Thanks for all your kind responses last week. Most of us have some trouble creating a new normal to our daily routines and rhythms. This is expected during the crisis, but our body and mind feel it. You may feel disoriented, disorganized, and distracted. It’s hard to focus. It’s challenging to get things done. Uncertainty reigns and we’re caught in indecision, even about what to do next or simply what to make for dinner.
I find it’s helpful if I turn off the television and social media for most of the day. Also establishing some basic routines of eating and exercising, making my bed, cleaning up my messes and sleeping normal rhythms help with this regulation. Social distancing is necessary but getting outside for a hike or long walk with my dog is also important. I would love to hear from you about what you are doing to stay positive and present.
This week’s question: I left my husband because of his many years of adultery. He said he stopped the adultery even before I left but I don’t believe him. He also said he’s been going to counseling and he opened up to me a few months ago that he was sexually abused by a neighbor for 1 1/2 years when he was 8. I don’t know if I believe him. I want to save my marriage and I’m in counseling. I’m wondering if he’s telling me the truth that he was abused. What’s the next step I need to do to save my marriage?
Answer: You asked what’s your next step in order to save your marriage. Yet in your short question, you mentioned three times that you don’t believe him. So first you have to ask yourself a question. Do you want to have a relationship with someone you don’t believe or can’t trust? Because from what you wrote, that’s what your marriage has been like.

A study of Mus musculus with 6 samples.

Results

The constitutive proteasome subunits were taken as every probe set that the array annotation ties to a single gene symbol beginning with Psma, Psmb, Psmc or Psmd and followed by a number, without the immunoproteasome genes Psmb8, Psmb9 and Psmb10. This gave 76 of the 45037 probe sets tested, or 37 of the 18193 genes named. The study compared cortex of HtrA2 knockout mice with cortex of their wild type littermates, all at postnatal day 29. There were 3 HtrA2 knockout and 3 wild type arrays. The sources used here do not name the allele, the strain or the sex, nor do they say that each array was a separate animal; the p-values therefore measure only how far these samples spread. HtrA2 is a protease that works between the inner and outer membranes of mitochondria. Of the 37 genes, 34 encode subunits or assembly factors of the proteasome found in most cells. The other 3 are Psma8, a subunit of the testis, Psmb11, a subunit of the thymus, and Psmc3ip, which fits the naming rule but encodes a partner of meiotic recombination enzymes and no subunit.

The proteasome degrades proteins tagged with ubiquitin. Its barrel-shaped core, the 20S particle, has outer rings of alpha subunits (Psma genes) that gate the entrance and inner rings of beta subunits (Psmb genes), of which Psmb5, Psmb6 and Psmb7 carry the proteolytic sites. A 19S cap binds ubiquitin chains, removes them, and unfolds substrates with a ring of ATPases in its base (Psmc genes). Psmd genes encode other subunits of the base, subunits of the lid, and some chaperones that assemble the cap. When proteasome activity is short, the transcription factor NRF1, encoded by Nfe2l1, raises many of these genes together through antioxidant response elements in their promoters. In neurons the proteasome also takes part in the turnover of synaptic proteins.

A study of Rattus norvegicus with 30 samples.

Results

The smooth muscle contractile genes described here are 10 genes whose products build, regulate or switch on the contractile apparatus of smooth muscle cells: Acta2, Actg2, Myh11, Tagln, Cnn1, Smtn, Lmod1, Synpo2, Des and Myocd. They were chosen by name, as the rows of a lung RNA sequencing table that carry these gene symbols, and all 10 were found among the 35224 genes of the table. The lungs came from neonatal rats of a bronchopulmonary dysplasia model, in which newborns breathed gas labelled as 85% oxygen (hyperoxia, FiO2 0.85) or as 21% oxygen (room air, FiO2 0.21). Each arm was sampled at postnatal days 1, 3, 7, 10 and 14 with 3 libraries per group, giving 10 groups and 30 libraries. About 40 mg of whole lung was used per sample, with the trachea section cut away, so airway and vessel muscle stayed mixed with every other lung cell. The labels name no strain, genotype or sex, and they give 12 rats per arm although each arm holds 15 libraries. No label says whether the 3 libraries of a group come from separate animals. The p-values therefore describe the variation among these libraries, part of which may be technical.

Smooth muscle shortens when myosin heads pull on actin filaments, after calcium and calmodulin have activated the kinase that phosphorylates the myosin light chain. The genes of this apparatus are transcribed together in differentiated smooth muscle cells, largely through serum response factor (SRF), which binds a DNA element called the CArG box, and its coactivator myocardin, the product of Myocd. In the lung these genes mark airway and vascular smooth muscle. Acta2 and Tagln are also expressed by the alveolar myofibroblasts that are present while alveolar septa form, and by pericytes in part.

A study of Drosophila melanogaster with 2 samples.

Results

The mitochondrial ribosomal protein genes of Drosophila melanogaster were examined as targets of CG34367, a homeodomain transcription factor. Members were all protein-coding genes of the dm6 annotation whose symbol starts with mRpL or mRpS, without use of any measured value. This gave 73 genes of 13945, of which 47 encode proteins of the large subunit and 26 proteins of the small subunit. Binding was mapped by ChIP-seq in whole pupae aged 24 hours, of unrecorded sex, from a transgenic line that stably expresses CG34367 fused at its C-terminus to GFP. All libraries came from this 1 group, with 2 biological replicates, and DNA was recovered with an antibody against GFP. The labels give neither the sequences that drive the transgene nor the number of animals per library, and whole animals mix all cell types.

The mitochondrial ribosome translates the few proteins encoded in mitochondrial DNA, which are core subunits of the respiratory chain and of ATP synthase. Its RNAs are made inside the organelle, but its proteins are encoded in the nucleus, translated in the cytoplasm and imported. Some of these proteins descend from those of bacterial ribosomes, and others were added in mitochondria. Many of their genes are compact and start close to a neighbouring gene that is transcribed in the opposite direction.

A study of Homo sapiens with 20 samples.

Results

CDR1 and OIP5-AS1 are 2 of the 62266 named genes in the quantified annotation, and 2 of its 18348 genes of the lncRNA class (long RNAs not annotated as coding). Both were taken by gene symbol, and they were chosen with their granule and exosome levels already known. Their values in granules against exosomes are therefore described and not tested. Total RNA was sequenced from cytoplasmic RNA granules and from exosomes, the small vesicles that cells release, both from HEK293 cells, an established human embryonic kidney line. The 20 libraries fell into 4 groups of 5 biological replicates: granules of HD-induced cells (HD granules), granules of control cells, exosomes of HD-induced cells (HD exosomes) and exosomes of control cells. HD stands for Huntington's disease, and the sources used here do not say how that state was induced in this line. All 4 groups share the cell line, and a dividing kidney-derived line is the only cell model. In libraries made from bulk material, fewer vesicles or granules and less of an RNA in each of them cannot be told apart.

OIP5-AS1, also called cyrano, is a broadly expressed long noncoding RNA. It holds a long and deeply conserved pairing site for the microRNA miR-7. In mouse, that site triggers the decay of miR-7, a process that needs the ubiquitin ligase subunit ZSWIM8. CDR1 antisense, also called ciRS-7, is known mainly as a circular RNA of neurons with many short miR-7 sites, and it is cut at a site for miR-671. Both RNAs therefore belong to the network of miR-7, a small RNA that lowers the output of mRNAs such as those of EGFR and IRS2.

Sometimes I sense that there is a hidden expectation for a wife to excuse or erase the consequences of her husband’s sin once she learns of his past abuse. It’s horrible when children are sexually abused (or abused in any way). And that abuse impacts a child’s life, but it doesn’t necessarily turn him or her into an abuser, cheater or liar. Those are personal choices and character issues. You can have compassion for what happened to him as a child and even forgive what he’s done to you as his wife. However, that does not mean you can make a marriage work. A healthy marriage depends on trust and safety. You will need time to see what he does to heal, to grow, to change, and to rebuild your shattered trust.
From what you wrote, both of you are in individual counseling. I hope you are doing your own work to get healthier and to grow into the woman you are proud of and want to be. However, you can’t save your marriage alone. So my advice to you would be to continue to do your own work and observe whether he is doing his. Over time, if you see that he is healing, growing, and becoming more trustworthy, then perhaps your marriage can have a chance to heal too. If not, then you can stay legally married, even live together, but you will not have a good marriage. That is not something you can control or make happen alone.
I will be doing a free workshop on April 14th on How Long Should You Keep Trying and When Do You Know The Change is Real. I invite you to sign up to participate. Click here to register. I think it will help you see the proper signs of his and your healing and whether or not your marriage can be rebuilt or needs to be released.
Friends, what has helped you either rebuild broken trust or release a broken marriage?